Gibraltar Going to Voters for $29.8 Million for School Building

Board hires architect and construction manager, approves referendum question

The Gibraltar Area School Board has hired Milwaukee-based construction-management and architectural firms with experience building schools while classes are in session. 

On Monday, the board voted 7-0 not only to place a $29.8 million building-referendum question on the April 4 ballot, but also unanimously chose CG Schmidt as the construction manager and Plunkett Raysich Architects (PRA) as the architectural firm.

During the last two months of 2022, the board interviewed the Bray and Somerville architectural firms in addition to PRA, and it also interviewed the Bayland Builders, Zeise, Boldt and CG Schmidt construction-management companies.

Gibraltar schools’ superintendent, Brett Stousland, said all the firms have experience and made a good impression during the interviews. He said he suggested hiring PRA and CG Schmidt in part because both had experience completing “difficult builds.” Stousland said the firms have handled projects in which construction took place while students were in session, and that would be necessary at Gibraltar. Also, much of the work would focus on replacing the 1930 and 1950 middle school classroom, gym and office sections, which occupy the center of the school.

In Gibraltar’s case, if voters approve the issuance of bonds for the project, the district would invest money and give the firms time to complete planning until construction began in 2024.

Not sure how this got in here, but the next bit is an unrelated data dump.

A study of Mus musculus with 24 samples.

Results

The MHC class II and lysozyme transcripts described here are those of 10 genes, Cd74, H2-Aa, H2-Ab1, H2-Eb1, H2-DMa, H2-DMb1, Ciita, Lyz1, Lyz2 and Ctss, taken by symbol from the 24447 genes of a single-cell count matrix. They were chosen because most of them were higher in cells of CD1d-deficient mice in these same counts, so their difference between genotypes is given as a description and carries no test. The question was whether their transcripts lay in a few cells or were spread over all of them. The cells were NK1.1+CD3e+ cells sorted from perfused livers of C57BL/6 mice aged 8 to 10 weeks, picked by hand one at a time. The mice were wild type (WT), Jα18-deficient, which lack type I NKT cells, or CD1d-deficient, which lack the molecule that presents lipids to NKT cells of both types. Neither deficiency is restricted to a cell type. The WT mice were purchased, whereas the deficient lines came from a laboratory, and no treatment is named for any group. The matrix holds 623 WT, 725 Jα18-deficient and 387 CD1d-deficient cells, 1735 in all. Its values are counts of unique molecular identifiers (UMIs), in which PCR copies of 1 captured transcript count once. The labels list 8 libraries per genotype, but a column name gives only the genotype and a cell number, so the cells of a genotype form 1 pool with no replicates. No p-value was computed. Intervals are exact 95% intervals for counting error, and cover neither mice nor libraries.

CG Schmidt conducted a comprehensive assessment of the Gibraltar campus in late summer 2022 and told the board it would take $50 million to modernize classroom spaces and correct all of the problems and shortcomings in the old and existing structures in the multi-building campus in Fish Creek. CG Schmidt concluded that the district could correct structural, window, door, safety and security issues campuswide; demolish and replace the oldest sections of the school; and build and equip additions for more classrooms for about $30 million.

Former board member Mike Peot commented that he remembered it taking more than a year to choose from varying plans for Gibraltar’s current library, so he didn’t see how the firms could have suitable plans prepared in time for an April 4 referendum.

Stousland said neither firm will have complete, detailed plans before the April 4 vote, but they will provide preliminary sketches, concepts and objectives well before the election. 

Board member Karen Nordahl said the board has tasked CG Schmidt with preparing materials and leading marketing efforts prior to the vote, and Stousland has said that he and board members will meet with members of clubs, organizations, municipal boards and anyone else who’s interested to explain the situation at meetings or over coffee.